Address Changes

     Ain't it always like this: finally, against your will, bending to the point of breaking, sacrificing your most cherished elements of character, you begin to accept and get used to a new things in your life. Then they go and change it.

     I understand; I feel the pain. It was, after all, just a few years ago (well, twenty) that my family had to abandon our old familiar "Route 2, Box 168" mail address. It was a hard thing. "1312 2600 Road" did not have the same flavor. And besides, it was blatantly incorrect, since our house is south of where the 1300's are supposed to begin. But, we shed our tears, readjusted our moral compass, repainted the mailbox, and got used to it rather quickly - sometime last year, I think.

     And sure enough, here comes the change. Just as "1312 2600 Rd" acquires a comfortable, if not musical, cadence, we are presented with something like "12992" and maybe it's still 2600 road. I haven't looked at the new address packet yet. A person needs to acclimatize gradually.

     One feature of the new system is replacing letter names - "P" road keeps coming up as an example, maybe people don't like to live on "P" Road - with word names, arranged alphabetically. So "P" might be "Pander," "P50" could become "Pleurisy," "P75" would be "Presumed," and so on. But those names won't be used, oh, no. The county has steadfastly rejected all my submissions. I wanted "Uscdwua" for "U" road, but they threw it out on grounds that it is not a word. Imagine.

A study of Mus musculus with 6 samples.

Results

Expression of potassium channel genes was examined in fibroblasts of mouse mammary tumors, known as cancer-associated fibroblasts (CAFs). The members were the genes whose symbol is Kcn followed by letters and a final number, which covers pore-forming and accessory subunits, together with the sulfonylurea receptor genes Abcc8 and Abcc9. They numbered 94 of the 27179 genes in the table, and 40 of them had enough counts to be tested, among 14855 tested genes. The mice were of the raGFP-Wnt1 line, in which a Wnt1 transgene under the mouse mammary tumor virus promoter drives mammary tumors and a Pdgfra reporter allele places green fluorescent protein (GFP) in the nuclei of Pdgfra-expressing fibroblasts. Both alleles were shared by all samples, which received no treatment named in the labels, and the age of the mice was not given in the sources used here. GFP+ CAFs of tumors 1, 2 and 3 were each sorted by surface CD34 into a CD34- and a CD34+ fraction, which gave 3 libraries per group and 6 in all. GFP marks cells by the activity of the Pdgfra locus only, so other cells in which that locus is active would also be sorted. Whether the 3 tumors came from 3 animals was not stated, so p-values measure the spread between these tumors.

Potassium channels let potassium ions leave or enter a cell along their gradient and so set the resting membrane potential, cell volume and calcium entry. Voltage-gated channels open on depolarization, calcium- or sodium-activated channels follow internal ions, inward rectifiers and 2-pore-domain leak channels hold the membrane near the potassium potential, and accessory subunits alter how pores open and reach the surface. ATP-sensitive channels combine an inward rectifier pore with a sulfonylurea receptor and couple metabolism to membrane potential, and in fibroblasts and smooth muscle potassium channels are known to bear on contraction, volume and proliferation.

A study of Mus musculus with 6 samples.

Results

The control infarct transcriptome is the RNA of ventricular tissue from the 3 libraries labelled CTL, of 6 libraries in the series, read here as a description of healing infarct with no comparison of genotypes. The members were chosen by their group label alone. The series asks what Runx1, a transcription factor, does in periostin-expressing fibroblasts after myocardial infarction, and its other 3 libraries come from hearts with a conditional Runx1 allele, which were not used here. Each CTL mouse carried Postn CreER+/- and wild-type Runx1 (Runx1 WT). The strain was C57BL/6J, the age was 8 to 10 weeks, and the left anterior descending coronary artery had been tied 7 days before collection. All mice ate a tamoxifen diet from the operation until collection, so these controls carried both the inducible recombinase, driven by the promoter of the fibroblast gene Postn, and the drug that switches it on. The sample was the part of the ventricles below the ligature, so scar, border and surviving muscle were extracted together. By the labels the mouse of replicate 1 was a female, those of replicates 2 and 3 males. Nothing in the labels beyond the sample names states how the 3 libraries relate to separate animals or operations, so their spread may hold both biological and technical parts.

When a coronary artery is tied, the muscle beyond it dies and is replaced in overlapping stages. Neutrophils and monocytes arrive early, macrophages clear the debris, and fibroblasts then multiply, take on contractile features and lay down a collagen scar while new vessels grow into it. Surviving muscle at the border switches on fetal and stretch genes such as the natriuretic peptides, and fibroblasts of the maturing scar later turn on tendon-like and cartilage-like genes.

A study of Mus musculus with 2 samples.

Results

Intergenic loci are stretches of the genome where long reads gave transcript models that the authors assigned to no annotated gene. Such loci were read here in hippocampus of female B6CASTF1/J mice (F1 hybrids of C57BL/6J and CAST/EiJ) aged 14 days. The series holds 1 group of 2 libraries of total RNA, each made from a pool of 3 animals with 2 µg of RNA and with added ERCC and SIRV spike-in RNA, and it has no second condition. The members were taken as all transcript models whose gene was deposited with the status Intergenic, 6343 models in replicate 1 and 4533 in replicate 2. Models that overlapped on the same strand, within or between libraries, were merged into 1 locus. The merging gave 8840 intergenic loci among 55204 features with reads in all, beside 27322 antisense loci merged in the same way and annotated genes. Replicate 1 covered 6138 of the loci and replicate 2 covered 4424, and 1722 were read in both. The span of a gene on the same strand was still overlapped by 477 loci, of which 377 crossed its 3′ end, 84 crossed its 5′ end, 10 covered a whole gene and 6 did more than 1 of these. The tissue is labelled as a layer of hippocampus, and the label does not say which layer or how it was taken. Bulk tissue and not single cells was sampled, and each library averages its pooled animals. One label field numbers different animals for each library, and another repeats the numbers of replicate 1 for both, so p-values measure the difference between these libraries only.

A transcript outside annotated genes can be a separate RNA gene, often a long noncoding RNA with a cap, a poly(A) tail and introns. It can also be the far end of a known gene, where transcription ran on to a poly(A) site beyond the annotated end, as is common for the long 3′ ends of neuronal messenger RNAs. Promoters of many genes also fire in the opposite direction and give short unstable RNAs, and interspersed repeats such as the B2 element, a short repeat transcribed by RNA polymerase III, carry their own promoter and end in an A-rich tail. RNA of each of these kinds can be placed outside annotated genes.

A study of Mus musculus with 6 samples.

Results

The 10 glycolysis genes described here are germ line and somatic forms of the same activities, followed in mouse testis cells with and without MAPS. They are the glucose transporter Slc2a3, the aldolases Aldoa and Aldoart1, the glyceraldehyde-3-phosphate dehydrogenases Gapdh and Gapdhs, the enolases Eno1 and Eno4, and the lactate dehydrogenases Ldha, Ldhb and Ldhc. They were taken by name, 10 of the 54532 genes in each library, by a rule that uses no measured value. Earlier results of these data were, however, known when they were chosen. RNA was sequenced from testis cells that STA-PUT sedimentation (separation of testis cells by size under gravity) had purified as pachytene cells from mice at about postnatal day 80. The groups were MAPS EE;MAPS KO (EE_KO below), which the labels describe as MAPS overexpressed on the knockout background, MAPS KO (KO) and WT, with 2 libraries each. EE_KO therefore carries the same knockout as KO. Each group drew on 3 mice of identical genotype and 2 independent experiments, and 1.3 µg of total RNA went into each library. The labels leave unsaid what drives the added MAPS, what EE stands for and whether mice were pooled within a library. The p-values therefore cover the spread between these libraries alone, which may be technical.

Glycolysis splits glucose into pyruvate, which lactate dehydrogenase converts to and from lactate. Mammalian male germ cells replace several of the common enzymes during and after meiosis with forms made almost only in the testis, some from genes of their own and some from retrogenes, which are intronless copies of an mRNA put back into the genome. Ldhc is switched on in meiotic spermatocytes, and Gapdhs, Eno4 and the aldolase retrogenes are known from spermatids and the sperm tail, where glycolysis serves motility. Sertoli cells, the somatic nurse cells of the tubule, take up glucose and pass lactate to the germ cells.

Of course, those of you not residing in Delta County can only wonder what the heck this is all about. Come to think of it, those of you who do reside in Delta County may wonder the same thing. This is not the place to get the answer. The kernel of this little essay is that we have a lot of addresses, even in this piddling water company, and, as of now, they are all officially wrong. True, they'll still work for another year or so, but let's get them fixed before then, please. Then we can use the rest of the time to grieve, repaint our mailboxes, etc.

     When you learn your new address, kindly make the correction on the top part of your bill, and return it (with payment please). Also, look at the supposed address of your meter, which may not be the same as your mailing address, even though we may list it that way. We suspect the meter we have on record as installed in Hawthorne, California is, in fact, a minor error in our database, since we have never found the blamed thing.

     While looking over your bill for miscellaneous data, check to see that your phone number is correct. And don't get too attached to it. It'll change. Remember when the front range megalopolis coldly assumed sole ownership of the lovely, symmetrical, poetic "303" area code? And left us with the grating and somewhat sinister "970"? First they take our water, then our area code, then our water (again). About the time I start thinking "970" isn't so bad, they'll take that and all our prefixes too, you watch.